Forgotten Silver (1996) from Johnny Web (Uncle Scoopy; Greg Wroblewski)

Forgotten Silver is another odd movie from Peter Jackson, the Kiwi who directed Lord of the Rings. I really like this movie, which combines two of my own interests: 

  • the history of films
  • historical mockumentaries (perhaps some of you long-termers remember my less-than-chilling battle depictions from the obscure Scottish-American war, or the equally forgotten Sino-Bavarian War, which introduced the accordion to Chinese culture). 
The film tells the story of Colin McKenzie, a New Zealander whose astounding career in early films was cast into obscurity when he buried his work in a state of depression. The brilliantly innovative McKenzie made a sound film in 1908, but it bombed at the box office because he made his movie in Chinese, and had not yet invented sub-titles. Interestingly, however, the film is still being watched in China today.  


There are three anonymous Tahitian women who appear topless.
He invented color film in 1911, and filmed some beautiful test footage in Tahiti. He expected to return to New Zealand in triumph, but his film of bare-breasted Tahitian women ended up getting him sentenced to three years of hard labor.

My favorite part of the film is the mini-bio of Stan "the man" Wilson, the completely unfunny silent film comic, whose claim to fame was that he did his custard pie stunts unrehearsed, with real people, in kind of a candid camera approach. The highlight of his career was when he unknowingly pied the prime minister, and was beaten senseless by the police, all while being photographed by Colin McKenzie's hidden camera, ala Rodney King.

Years later, in inconsolable grief, Colin buried his brilliant unfinished masterpiece, Salome, in which he actually reproduced ancient Jerusalem in a New Zealand jungle. His sorrow came about when his relentless drive to finish the film caused his pregnant wife (the star) to collapse from overwork, losing her life and the baby in the process. In defense of McKenzie, he had to push that hard, because both the mafia and Stalin were after him. (Long story, better explained in the film than here.) 

DVD info from Amazon

  • produced in 4:3 ratio, for TV

  • various interviews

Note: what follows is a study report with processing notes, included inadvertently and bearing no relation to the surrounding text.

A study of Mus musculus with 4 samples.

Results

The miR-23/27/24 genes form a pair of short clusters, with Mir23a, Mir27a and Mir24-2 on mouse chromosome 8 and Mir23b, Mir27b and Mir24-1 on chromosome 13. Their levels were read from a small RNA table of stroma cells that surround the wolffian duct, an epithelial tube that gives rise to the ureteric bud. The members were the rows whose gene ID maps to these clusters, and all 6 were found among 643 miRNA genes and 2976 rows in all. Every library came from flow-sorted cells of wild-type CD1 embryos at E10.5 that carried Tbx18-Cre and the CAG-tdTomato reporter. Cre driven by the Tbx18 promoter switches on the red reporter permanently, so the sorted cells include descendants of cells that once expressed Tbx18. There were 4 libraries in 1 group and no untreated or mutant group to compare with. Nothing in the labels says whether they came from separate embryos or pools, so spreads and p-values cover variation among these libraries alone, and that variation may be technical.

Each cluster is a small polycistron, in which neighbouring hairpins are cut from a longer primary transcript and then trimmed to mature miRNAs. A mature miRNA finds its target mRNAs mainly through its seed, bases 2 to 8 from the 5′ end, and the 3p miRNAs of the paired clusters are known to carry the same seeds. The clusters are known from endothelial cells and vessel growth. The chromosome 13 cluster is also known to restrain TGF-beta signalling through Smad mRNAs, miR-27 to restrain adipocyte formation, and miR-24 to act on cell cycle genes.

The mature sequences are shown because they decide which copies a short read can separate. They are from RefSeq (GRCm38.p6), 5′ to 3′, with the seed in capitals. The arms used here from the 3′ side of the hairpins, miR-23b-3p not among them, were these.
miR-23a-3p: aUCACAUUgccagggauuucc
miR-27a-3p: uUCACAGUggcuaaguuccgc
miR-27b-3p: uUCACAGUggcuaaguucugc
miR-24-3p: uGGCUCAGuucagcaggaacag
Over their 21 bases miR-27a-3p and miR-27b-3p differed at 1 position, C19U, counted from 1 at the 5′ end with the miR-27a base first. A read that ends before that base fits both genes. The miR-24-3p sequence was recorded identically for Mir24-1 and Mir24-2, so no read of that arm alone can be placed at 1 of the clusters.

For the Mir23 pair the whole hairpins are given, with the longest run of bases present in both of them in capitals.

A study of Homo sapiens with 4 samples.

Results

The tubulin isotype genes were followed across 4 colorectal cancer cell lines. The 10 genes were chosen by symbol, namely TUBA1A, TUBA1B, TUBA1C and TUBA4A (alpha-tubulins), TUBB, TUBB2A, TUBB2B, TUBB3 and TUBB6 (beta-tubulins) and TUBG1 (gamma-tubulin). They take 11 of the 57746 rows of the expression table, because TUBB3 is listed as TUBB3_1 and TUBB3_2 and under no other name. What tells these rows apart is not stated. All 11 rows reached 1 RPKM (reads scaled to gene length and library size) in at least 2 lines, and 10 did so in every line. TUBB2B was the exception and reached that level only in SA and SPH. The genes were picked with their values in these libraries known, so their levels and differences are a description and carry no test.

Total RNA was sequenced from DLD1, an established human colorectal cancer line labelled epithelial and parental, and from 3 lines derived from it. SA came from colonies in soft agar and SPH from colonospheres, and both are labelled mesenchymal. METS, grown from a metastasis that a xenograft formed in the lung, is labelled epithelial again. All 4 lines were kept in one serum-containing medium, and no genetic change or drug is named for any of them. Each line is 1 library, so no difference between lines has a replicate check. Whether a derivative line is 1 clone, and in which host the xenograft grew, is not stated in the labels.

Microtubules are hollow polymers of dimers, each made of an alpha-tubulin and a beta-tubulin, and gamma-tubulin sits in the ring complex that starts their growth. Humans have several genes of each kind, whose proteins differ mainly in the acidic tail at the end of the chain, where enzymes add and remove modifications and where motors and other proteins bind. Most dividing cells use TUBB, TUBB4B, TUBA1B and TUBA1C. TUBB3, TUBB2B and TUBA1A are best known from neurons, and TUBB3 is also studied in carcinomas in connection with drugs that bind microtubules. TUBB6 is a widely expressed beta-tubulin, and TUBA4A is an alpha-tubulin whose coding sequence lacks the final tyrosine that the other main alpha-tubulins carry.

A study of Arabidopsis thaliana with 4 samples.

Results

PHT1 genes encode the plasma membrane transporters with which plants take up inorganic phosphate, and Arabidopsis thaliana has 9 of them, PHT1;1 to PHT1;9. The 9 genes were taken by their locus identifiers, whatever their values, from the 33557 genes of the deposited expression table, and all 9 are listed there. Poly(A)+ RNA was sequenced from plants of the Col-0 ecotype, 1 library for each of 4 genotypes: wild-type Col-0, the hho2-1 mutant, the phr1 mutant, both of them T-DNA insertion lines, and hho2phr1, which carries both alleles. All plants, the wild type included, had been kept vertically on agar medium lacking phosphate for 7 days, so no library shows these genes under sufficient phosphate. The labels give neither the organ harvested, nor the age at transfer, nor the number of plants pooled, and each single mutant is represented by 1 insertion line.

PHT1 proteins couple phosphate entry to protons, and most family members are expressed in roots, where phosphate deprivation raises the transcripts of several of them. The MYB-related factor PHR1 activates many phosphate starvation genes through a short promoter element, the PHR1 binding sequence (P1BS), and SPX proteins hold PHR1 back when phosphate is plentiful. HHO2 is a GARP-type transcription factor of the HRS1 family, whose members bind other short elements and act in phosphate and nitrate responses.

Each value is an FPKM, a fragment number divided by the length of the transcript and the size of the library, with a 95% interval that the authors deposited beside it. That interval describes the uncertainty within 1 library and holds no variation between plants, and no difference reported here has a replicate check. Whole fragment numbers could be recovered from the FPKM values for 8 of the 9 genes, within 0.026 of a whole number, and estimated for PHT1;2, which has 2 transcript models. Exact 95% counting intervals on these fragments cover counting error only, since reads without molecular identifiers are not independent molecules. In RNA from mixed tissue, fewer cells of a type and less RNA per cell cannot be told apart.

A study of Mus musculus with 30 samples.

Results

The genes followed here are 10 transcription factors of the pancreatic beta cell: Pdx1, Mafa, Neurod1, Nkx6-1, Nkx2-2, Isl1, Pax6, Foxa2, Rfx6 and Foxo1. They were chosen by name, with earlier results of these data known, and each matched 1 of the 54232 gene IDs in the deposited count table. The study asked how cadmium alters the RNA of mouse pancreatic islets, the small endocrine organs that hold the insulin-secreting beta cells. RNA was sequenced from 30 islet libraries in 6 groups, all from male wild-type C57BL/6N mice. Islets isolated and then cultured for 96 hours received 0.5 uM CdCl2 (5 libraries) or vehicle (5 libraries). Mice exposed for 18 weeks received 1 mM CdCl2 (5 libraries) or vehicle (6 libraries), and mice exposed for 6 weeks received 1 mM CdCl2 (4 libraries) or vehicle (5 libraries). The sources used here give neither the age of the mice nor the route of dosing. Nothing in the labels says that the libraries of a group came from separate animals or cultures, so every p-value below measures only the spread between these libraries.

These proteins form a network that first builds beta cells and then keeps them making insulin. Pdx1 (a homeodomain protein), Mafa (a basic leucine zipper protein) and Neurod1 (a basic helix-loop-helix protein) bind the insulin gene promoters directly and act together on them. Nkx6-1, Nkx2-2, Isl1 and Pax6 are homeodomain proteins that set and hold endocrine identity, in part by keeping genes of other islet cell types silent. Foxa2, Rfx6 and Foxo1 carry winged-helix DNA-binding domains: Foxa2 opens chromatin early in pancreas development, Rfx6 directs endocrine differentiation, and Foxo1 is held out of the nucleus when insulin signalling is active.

• deleted scenes

  • full-length commentary

The mockumentary stars such diverse people as film critic Leonard Maltin and actor Sam Neill, lending it further authenticity. (Maltin did a great job!!) In fact, McKenzie's exploits and history's ignorance of them were explained so convincingly that many viewers were fooled into believing it, ala War of the Worlds, when this was first broadcast on Kiwi TV.

It is that insidious, weaving facts and fiction in a seamless tale, using all kinds of tricks to make the pseudo-films look like perfect recreations of the movies of that era. 

Great, silly fun, showing complete mastery and love of early film lore. 

The Critics Vote

  • Berardinelli 3.5/4

The People Vote ...

  • With their votes ... IMDB summary: IMDb voters score it 7.9, and yes, it is that good. 
IMDb guideline: 7.5 usually indicates a level of excellence, about like three and a half stars from the critics. 6.0 usually indicates lukewarm watchability, about like two and a half stars from the critics. The fives are generally not worthwhile unless they are really your kind of material, about like two stars from the critics. Films under five are generally awful even if you like that kind of film, equivalent to about one and a half stars from the critics or less, depending on just how far below five the rating is.

My own guideline: A means the movie is so good it will appeal to you even if you hate the genre. B means the movie is not good enough to win you over if you hate the genre, but is good enough to do so if you have an open mind about this type of film. C means it will only appeal to genre addicts, and has no crossover appeal. D means you'll hate it even if you like the genre. E means that you'll hate it even if you love the genre. F means that the film is not only unappealing across-the-board, but technically inept as well.

Based on this description, this film is a B. Brilliant, hilarious, straight-faced presentation. Completely convincing, unless you know it's a sham.